This syndicated post originally appeared at Network World Zeus Kerravala.
Extreme Networks continues industry consolidation with
acquisition of Brocade’s data center networking business
Any fan of the PGA Tour will never forget the “better than most” call by NBC’s Gary Koch. On March 24, 2001, Tiger Woods stepped up to execute one of the most difficult putts of his career. Halfway to the hole, Koch uttered the words “better than most” as it looked like his putt was going to be a good one. It wound up going in, and that become yet another notable moment in Tiger’s illustrious career where great execution was becoming the norm.
In the highly tumultuous networking market, Extreme Networks’ CEO, Ed Meyercord, continues to make moves that are “better than most,” putting his company in a position to be a long-term share gainer in a market that badly needs more strong vendors.
In late 2016, Extreme acquired Zebra Technologies’ WLAN business for $55 million, giving it instant credibility in some of Zebra’s larger accounts, such as FedEx. Earlier this year Extreme made a move to purchase Avaya’s Networking business by becoming the stalking horse bidder in the business unit that was put up for sale in Avaya’s bankruptcy process.
Yesterday, Extreme executed another deal that should be considered better than most when it announced it had entered into an agreement to purchase Brocade’s data center switching, routing and analytics business from Broadcom, following Broadcom’s acquisition of Brocade. Under the terms of the agreement, Brocade will sell those assets to Extreme for $55 million, which consist of $35 million at closing and $20 million to be paid in deferred payments, as well as the additional profit sharing to be paid over a five-year term.
What Extreme Networks will get from Brocade
Extreme will acquire the following products as part of the deal:
The hardware portfolio of products includes Brocade’s VDX, MLS and new SLX hardware platforms. All are great products, but the new SLX family has embedded visibility and DevOps like automation making it one of the most agile networking products available today.
In addition to the hardware, Extreme will get the following:
- Flow Optimizer
- Workflow Composer and automation suites from the StackStorm acquisiton
- Automation suites
- Network Visibility
- Network Analytics
- Visibility Manager
- Packet Broker
- Virtual Packet Broker
- NVA Virtual TAP (vTAP)
In Michael Cooney’s story about Extreme’s purchase of Brocade’s data center networking business, he indicated that Extreme was receiving all software. But from what I understand, the following assets will not be moving over to Extreme:
- Brocade’s SDN Controller
- Network Functions Virtualization (NFV) software and manager (Vyatta)
- Virtual Application Delivery Controller (ADC)
The price Extreme is paying is a tremendous deal for a business unit that Extreme is expecting to do $230 million in revenue and now puts the company well over a billion dollars making it the largest pure-play networking vendor and the #3 vendor by share to HPE and, of course, Cisco.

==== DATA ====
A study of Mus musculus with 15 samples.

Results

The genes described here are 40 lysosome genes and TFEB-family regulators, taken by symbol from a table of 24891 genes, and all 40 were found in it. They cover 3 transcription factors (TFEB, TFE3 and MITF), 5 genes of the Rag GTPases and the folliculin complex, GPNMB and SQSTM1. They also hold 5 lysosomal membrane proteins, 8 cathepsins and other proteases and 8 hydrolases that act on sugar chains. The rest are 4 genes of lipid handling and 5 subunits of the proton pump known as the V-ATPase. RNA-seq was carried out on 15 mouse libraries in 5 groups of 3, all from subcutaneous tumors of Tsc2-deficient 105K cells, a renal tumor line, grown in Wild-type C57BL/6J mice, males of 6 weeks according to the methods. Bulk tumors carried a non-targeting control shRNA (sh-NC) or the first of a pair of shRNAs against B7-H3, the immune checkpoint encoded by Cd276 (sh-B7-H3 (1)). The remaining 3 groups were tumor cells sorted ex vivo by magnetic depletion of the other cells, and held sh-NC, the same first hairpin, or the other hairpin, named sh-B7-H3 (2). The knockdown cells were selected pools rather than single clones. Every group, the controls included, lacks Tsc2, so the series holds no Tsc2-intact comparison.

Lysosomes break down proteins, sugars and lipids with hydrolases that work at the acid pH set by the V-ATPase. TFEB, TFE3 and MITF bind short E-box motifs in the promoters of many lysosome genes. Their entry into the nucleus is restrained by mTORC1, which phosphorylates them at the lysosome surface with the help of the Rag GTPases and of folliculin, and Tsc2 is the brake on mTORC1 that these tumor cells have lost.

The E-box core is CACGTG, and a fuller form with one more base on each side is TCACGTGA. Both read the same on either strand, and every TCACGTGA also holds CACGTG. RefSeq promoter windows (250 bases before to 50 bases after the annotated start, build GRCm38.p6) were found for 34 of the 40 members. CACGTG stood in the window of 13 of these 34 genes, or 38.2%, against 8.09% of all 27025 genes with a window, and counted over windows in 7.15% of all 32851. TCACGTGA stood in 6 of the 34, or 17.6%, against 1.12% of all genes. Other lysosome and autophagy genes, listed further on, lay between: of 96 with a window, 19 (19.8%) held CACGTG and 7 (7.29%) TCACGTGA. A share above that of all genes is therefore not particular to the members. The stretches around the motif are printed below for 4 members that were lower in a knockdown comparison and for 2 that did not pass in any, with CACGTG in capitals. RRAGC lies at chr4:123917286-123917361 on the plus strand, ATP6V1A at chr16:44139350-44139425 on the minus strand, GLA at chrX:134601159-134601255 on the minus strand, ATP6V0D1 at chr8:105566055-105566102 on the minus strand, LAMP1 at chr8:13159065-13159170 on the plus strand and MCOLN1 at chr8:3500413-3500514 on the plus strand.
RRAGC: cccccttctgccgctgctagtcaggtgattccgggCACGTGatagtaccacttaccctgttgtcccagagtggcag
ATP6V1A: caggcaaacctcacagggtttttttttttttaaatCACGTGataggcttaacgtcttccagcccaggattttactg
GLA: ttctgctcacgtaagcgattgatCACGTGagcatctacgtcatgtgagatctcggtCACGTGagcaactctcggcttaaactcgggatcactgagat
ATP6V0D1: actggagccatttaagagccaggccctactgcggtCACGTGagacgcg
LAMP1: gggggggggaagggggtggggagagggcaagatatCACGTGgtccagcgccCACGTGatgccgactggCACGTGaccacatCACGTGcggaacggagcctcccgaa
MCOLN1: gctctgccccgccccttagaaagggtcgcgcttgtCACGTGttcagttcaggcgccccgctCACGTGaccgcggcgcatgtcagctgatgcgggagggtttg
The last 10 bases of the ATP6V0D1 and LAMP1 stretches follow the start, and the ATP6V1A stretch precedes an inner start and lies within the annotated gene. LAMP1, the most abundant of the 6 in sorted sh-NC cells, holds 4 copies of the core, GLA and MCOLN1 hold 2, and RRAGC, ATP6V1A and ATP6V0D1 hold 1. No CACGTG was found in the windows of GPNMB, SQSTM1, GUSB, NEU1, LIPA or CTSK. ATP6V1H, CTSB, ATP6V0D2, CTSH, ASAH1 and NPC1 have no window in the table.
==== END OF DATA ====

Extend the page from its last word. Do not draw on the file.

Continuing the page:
Why the deal with Brocade/Broadcom is notable
This deal will be significant to Extreme in a number of ways. First, the Brocade data center business has very little overlap with existing business. Extreme and Avaya Networking sell data center equipment to many enterprises, but not many would be considered the type of organization whose business is the data center. Brocade has many customers where data center performance means everything. These are large universities with networks that power R&D, media companies that are sending massive amount of video over the network, and government institutions. These are all very sophisticated customers with demanding requirements, and they chose Brocade for the quality and performance of products.
Extreme’s customers and resellers should benefit from the strength of the portfolio, as well as the software capabilities. Workflow Composer is an outstanding platform that can automate many of the repetitive tasks in a data center, eliminating the possibility of human error and speeding up provisioning by orders of magnitude.
What’s interesting to note about Zebra, Avaya Networking and Brocade data center is that each of those vendors has core businesses that are not networking but had allocated a significant amount of R&D into building their latest products. The technology from the purchased companies is as good or better than anyone’s, but since networking wasn’t the core of the business, the new products were slow to ramp. So, now Extreme is benefitting from the R&D these companies did with new products that can be used to win customers that they may not have been able to with the existing product line.
Broadcom benefits, too
For Broadcom, one might look at the purchase price and scratch their heads considering the Wi-Fi and access business is being sold for $800 million to Arris. On the surface, it appears that Extreme is the big winner in this, but in actuality Broadcom benefits, too. Broadcom chips are used in almost every network vendor’s products, and it benefits the company to have larger network vendors that can push one another into adopting the new silicon faster to keep up with the competition. A few larger vendors with more resources are better than a bunch of small ones that can’t absorb new technology too fast.
Customers of Brocade, Avaya and Extreme should not be concerned, as Extreme isn’t planning any major disruption to products any time soon. Meyercord has repeatedly told me they will do what is best for the customer, and they are committed to that statement for the long haul.
I suspect that Extreme isn’t finished with its M&A activities yet, and I expect that whatever they choose to do next, we will likely consider to be another move that was “better than most,” as great execution is becoming the norm.